Coloured gemstones come in a huge range of colours and shapes. Often a source of deep mystery and unusual belief over the centuries. Here is a guide to coloured gemstones
~ Precious stones have been popular as gifts for hundreds of years. In fact, uncut emeralds have been found in archaeological sites dating back to 20,000 years ago. You may think that it’s pretty easy to recognise coloured gemstones. But you might be surprised! Would you be able to tell a green sapphire apart from an emerald? We’ve put together a guide to coloured gemstones to help you recognise these precious jewels.
~ It blows my mind to think that the gems we see today were formed deep underground from extreme heat and pressure, millions of years ago. You truly are holding a piece of history in your hand. The colouring in gemstones comes from natural elements within the ground. And the amount of metal present in a gemstone will determine its colour and vibrancy. Gemstones come in a huge range of colours due to the vast range of different metallic elements present. And the variations in heat and pressure during their formation.
A guide to coloured gemstones – Amethyst
~ The word Amethyst is from the Greek “amethystos” and sits on at 7 on the Moh scale. Medieval European soldiers wore amethyst amulets as protection in battle in the belief that kept people cool-headed and healed people.
~ Up until the 18th century, Amethyst was included in the most valuable gemstones (along with Diamond, Sapphire and Rubies. Revered in religion Since the discovery of extensive deposit, However, since the discovery of extensive deposits in locations such as Brazil, it has lost most of its value.5.62 Carat Emerald Cut Amethyst Rose Gold Solitaire Ring, 1st Dibs
~ Amethysts can be found in various colours, from shades of purple to pale greens. Amethysts are believed to have calming properties and were commonly believed to ward off sorcerers and thieves.
A guide to coloured gemstones – Aquamarine
~ A name originating from the Latin for water (“aqua”) and sea (“mare”) an obvious reference to Aquamarines beautiful pale and watery blue/green colour. Making them a really popular choice as an alternative to the traditional diamond in engagement rings.
~ Aquamarine belongs to the Beryl family along with the Emerald, Beryl is a mineral composed of beryllium aluminium cyclosilicate. Found in Brazil, Nigeria, Zambia, Madagascar and the United States amongst others.
~ Aquamarine has a hardness of 71⁄2-8 on the Moh’s scale – a scale of mineral hardness determined by the ability of a harder mineral to scratch a softer material. Diamonds, naturally being the hardest with a Moh’s scale of 10.
A guide to coloured gemstones – Emerald
~ The vivid green of the emerald is a stunning sight. Emeralds have been a popular stone since Cleopatra’s time when they were believed to have incredible healing powers.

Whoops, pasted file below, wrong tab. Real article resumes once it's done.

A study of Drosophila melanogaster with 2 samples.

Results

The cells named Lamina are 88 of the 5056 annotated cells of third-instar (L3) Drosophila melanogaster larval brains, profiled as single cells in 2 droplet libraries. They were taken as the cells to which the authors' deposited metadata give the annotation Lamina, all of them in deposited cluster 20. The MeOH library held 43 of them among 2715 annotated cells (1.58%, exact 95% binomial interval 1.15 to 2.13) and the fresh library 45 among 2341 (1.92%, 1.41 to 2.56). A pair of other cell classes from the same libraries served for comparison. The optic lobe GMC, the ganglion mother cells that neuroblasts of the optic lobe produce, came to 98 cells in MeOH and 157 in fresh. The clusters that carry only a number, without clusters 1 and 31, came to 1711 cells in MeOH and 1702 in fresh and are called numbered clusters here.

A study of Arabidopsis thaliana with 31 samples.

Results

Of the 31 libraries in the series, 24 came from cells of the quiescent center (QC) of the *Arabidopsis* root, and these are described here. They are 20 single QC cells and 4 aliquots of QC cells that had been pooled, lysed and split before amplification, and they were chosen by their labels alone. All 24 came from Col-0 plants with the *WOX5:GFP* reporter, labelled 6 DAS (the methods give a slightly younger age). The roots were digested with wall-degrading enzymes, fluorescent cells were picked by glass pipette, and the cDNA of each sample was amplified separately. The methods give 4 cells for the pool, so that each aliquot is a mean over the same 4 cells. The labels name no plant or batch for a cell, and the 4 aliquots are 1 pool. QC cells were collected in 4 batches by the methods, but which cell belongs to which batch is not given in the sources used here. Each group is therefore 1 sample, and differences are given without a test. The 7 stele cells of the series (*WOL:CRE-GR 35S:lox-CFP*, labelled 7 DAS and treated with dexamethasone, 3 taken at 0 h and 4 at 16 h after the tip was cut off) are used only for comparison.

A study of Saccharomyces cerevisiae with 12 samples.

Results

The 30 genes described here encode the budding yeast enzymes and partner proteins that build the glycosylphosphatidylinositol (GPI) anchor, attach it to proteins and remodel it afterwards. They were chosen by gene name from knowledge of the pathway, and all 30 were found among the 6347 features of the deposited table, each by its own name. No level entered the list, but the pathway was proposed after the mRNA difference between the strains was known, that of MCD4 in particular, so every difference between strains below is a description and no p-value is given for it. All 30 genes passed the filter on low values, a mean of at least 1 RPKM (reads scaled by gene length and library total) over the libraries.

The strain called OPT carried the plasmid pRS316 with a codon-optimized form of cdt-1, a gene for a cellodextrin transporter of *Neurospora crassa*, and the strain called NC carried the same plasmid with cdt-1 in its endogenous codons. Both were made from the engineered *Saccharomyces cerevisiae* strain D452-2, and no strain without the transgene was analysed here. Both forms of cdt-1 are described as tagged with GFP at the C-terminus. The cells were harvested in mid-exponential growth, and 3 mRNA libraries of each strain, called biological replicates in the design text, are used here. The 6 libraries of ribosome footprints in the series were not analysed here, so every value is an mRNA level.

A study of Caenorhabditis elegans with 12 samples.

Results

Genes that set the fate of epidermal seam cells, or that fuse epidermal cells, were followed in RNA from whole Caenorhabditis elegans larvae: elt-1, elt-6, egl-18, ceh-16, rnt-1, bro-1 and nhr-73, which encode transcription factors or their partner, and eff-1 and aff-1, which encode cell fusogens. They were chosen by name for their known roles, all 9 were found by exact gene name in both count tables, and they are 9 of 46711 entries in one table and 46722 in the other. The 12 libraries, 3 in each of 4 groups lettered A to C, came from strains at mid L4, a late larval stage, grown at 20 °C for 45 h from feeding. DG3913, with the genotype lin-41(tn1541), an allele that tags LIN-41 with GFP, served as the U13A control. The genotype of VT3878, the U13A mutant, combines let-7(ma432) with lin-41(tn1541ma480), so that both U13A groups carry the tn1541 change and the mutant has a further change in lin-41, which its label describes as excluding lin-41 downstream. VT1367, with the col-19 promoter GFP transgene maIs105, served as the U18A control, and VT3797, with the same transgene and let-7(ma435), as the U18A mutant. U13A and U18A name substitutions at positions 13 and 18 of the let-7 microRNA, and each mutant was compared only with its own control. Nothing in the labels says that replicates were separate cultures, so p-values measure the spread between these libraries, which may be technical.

A guide to coloured gemstones – Morganite
A guide to coloured gemstones – Opal
~ The opal is a stunning example of a coloured gemstone and some contain a whole rainbow of colours within just one stone. There are many myths and ancient beliefs surrounding this precious stone. The Ancient Arabs believed that opals were formed during thunderstorms, capturing the lightning which was to give them their unique colourings.
A guide to coloured gemstones – Sapphire
~ Sapphires have been a popular choice for centuries. The Ancient Greeks and the Ancient Romans believed that blue sapphires would protect them from harm.
~ The Ancient Persians believed that the earth lay on a huge sapphire and that the blue sky was the reflection of the sapphire shining high above them.
~ Over the years, sapphires have become associated with faith, trust and wisdom, making them a popular choice of a gift which really means something special.
A guide to coloured gemstones – Tourmaline
~ Believed to stimulate the creative senses. And often given to artists and actors as a precious gift to help them excel in their trade. Tourmaline can actually form in a huge range of colours, including rich pinks and vibrant greens. The name ‘ Tourmaline’ is the name of a large group of boron silicate minerals. These minerals share a common crystal structure and physical properties – it’s these similarities and differences that cause Tourmaline to occur in the largest range of colours and colour combination than any other gem group!
~ The ancient Egyptians were so fascinated by their vivid variety of colours, their creative solution was that Tourmalines must have broken through a rainbow on their journey through Earth. Amazingly, their colour changes when viewed at different angles and light, this is due to their pleochroic properties.
~ The other incredible physical quality of a Tourmaline is they can become electrically charged when heated and cooled – gaining a positive charge at one end and a negative charge at the other. Truly healing, magical stone. The name Tourmaline, itself, comes from the Singhalese word for mixed gems which is “toramalli”.
~ Coloured gemstones are always a great choice purely for their unique beauty. But when you learn a little about the mystery and ancient beliefs behind them, it gives them an extra special charm.